This episode discusses the “ingathering of exiles” or “kibbutz galuyot.” Israel has brought Jews from around the world to their homeland since its inception. One of Ben-Gurion’s great visions, a state that welcomes any and all Jews, the Israeli government paid more than lip service about these ideals and absorbed immigrants from across the world. From Operation Magic Carpet for Yemenite Jews in the 1950’s, to Operations Moses and Solomon for Ethiopian Jews in the 80’s and 90’s, Israel has rescued hundreds of thousands of Jews facing persecution. In this video and educator’s guide, students will reflect upon Israel’s relationship with World Jewry. What does it mean to be a Jew in the eyes of the Israeli State? How far will Israel go to take responsibility for Jews worldwide? Ultimately, what is a home?
Watch this video and use these prompts to ask big questions and think independently and with others to offer answers that feel right to you.
Our whole prayer is that this gathering of exiles will increase and embrace an ever-larger multitude of our people, who will strike roots here and work side by side with us in building the state and making our unproductive places fruitful again.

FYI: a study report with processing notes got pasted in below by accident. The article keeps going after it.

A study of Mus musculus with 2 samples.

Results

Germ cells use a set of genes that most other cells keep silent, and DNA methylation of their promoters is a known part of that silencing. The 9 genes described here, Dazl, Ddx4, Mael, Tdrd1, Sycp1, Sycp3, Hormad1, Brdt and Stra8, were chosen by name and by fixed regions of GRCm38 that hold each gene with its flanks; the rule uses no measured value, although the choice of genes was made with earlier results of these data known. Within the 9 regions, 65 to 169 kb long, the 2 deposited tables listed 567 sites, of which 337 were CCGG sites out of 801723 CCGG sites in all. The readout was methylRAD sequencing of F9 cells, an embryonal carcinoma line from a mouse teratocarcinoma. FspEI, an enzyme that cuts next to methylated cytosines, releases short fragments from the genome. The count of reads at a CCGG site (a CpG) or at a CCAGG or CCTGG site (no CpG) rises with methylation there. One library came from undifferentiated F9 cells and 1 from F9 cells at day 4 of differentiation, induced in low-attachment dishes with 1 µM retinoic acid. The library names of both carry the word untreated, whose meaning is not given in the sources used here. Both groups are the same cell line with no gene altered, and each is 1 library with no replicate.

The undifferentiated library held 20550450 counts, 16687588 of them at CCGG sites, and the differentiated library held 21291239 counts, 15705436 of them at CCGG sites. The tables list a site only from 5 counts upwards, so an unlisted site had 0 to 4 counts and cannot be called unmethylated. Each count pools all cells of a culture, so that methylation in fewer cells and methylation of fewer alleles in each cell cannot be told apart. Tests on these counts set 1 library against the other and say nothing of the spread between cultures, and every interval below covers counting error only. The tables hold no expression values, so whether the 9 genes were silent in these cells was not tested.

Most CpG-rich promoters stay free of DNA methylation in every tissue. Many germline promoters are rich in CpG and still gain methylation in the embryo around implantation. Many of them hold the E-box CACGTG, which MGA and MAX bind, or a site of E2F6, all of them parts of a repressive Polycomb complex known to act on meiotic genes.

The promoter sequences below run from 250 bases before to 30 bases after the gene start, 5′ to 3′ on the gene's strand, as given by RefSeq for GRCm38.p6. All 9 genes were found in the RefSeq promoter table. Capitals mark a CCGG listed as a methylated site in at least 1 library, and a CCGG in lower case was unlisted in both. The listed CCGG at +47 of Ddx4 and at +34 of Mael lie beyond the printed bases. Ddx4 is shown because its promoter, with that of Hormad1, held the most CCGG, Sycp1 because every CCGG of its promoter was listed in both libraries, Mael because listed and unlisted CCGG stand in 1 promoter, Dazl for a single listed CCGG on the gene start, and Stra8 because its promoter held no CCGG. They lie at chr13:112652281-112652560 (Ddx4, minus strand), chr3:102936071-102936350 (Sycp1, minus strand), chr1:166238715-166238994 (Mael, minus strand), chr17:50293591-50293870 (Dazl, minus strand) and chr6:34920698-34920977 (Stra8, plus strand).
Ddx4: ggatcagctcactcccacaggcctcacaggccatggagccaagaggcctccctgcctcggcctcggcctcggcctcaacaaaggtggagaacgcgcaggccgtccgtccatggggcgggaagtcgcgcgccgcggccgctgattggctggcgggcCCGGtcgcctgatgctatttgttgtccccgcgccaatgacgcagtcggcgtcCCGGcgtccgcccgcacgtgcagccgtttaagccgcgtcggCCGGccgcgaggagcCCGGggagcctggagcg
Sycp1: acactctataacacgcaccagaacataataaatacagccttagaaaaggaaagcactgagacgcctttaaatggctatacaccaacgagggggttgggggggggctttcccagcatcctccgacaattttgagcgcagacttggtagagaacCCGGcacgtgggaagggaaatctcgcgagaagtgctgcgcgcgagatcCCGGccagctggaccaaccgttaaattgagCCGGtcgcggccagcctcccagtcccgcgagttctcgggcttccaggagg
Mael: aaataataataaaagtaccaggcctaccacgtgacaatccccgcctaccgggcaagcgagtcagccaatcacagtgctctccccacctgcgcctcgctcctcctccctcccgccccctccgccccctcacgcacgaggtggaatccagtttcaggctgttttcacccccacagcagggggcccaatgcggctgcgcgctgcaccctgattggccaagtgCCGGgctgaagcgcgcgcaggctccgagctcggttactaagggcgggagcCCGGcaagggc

Considering the remarkable diversity of Jewish refugees coming to Israel from over 70 countries, do you think Israel has been successful in uniting people from vastly different communities and cultures?
I found out that the story we had been told–that the Jews left the Arab countries because they were Zionists–was, for the most part, wrong. True, they had an affinity for the Land of Israel–that is certainly correct. But the organized Zionist movement was very weak in the Arab countries. The great mass of Jews left under duress. They were expelled. They were subjected to such enormous pressure that they had no choice but to leave.
When we speak about the “right of return,” we often forget that many Jews in Arab and Muslim countries were in fact expelled from their lands and oppressed. In what ways can we discuss this tragedy more in our classrooms?